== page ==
The Seven Curses of Gaza (A Modern Midrash)

The Seven Curses of Gaza (Midrash)

שבע קללות קלל על עזה.
על־שלשה פשעי עזה ועל־ארבעה לא אשיבנו. אחת.
באה קרחה אל־עזה. אחת.
ועזה ותחיל מאד. אחת.
ושלחתי אש בחומת עזה. אחת.
ואכלה ארמנתיה. אחת.
ואבד מלך מעזה. אחת.
כי עזה עזובה תהיה. אחת.
אמר הקדוש ברוך הוא: אי מלכא אנא, אמאי לא קאתית לגבאי עד האידנא.
אמר עזה: בריוני דאית בן לא שבקינן.
אמר ליה: אילו חבית של דבש ודרקון כרוך עליה, לא היו שוברין את החבית בשביל דרקון?
אמר ליה: שקלינן צבתא ושקלינן ליה לדרקון וקטלינן ליה, וחביתא שבקינן לה.
אמר ליה: על־הסגירם גלות שלמה לאדום ולא זכרו ברית אחים.
אישתיק עזה.
קרי עליה: ״ויתעום כזביהם אשר־הלכו אבותם אחריהם״.
Seven curses were cursed on Gaza.
"For three transgressions of Gaza [I could forgive, but] for four, I will not revoke the decree" (Amos 1:6). One.
"Baldness has come upon Gaza" (Jeremiah 47:5). One.
"Gaza shall tremble violently" (Zechariah 9:5). One.
"I will send down fire upon the wall of Gaza" (Amos 1:7). One.
"And it shall devour its fortresses" (Amos 1:7). One.
"Kingship shall vanish from Gaza" (Zechariah 9:5). One.
"Indeed, Gaza shall be deserted" (Zephaniah 2:4). One.
The Holy One said [to Gaza]: "If I am a king why didn’t you come to me until now."
Gaza replied: "There are zealots among us who did not allow it."
The Holy One retorted: "If there is a barrel of honey and a snake is wrapped around it, wouldn’t one [be willing to] break the barrel in order to kill the snake?"
Gaza replied: "[In such a case,] we take tongs, remove the snake, and kill it, and thereby leave the barrel intact."
The Holy One then said: "Because they handed over an entire population to Edom, ignoring the covenant of brotherhood" (Amos 1:9).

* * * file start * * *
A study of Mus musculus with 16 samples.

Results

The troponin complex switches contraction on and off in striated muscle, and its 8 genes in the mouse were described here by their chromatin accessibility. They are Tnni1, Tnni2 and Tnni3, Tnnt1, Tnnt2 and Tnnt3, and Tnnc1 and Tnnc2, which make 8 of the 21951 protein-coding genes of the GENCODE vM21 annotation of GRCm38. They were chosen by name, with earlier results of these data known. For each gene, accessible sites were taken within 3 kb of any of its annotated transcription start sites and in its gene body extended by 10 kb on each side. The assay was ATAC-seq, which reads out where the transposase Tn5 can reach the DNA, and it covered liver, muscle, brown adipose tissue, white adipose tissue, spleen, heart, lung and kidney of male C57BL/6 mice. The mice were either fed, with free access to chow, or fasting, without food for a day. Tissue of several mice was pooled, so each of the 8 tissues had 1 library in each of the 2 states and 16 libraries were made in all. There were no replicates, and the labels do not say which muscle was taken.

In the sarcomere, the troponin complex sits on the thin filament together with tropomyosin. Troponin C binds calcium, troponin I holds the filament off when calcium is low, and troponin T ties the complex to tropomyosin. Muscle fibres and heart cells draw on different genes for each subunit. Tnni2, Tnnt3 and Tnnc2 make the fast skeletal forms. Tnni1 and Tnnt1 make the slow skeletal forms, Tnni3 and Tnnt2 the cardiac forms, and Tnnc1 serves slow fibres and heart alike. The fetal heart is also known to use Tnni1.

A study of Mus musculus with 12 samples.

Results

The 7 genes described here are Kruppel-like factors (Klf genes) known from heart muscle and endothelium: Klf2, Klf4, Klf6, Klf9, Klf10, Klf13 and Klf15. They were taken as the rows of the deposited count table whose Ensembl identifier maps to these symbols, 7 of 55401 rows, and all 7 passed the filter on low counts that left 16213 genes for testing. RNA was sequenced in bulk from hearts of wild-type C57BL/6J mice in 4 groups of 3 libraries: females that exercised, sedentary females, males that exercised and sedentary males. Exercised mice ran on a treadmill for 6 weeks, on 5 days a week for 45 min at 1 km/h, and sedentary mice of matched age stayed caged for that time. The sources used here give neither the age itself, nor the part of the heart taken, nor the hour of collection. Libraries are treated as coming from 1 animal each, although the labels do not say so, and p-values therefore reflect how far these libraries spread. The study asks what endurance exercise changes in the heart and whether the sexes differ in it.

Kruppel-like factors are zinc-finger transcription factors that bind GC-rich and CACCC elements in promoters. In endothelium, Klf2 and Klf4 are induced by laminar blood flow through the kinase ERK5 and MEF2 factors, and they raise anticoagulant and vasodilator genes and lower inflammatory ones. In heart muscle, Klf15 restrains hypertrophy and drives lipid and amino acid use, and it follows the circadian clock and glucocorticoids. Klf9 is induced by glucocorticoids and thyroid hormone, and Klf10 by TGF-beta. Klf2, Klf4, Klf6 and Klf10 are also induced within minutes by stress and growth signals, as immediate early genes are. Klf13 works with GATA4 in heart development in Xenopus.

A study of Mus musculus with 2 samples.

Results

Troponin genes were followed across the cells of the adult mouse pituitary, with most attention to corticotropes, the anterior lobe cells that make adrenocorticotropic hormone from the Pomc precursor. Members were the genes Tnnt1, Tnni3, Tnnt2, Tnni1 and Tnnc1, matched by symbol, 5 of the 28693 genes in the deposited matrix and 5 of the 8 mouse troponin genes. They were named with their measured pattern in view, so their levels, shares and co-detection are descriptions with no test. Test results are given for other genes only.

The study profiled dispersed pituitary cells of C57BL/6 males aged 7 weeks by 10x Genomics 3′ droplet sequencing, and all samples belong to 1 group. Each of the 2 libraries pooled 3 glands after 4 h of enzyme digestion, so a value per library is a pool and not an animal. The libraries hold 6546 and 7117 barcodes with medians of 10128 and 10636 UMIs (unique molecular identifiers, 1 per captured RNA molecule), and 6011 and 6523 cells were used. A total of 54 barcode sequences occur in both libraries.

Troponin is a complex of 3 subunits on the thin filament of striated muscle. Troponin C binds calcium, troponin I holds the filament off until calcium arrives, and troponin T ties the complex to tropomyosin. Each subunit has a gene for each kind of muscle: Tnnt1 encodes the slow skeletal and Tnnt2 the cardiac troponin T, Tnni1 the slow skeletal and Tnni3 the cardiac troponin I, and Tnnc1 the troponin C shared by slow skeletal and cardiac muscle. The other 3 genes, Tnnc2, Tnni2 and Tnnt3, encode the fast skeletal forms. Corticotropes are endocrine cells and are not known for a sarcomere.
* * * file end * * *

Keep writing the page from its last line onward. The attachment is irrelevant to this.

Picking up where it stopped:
And Gaza was silent.
Concerning them it was written: "They are beguiled by the delusions after which their fathers walked" (Amos 2:4).


This is a modern Midrash inspired by the approach adopted by the authors of Dirshuni. In this sheet, seven curses of Gaza are noted, as found in the words of the prophets of ancient Israel. These utterances from the Tanakh are linked with the Talmudic passage found in Gittin 56b concerning the destruction of Jerusalem. What this literary approach offers is as follows: The approach put forth by the authors of Dirshuni make it clear that the genre of Midrash remains open to addition and experimentation, allowing readers of Jewish texts to make new connections that respect earlier sources and also nod towards contemporary issues. For those who have watched the full complexity of the crisis in Gaza play out since Israel's unilateral disengagement in 2005, this Midrash offers a small bit of language to capture the moral challenges. In this case, aside from the prophetic voice declaring destruction on the region, God speaks through the words of Vespasian who famously spoke of the impossibility of destroying rebellion of the Jerusalem zealots without harming the citizens of the city. To which Gaza responds through the words of Rabbi Akiva (alt. Rabbi Yosef) who wishes that somehow the people of Jerusalem could be saved. This Midrash ends a little differently from the passage in Gittin. God is a bit more explicit with the sins of Israel's enemies, as found in Amos 1:9, concerning the capture of a number of people from Israel and the abrogation of a treaty. And to this, Gaza is silent.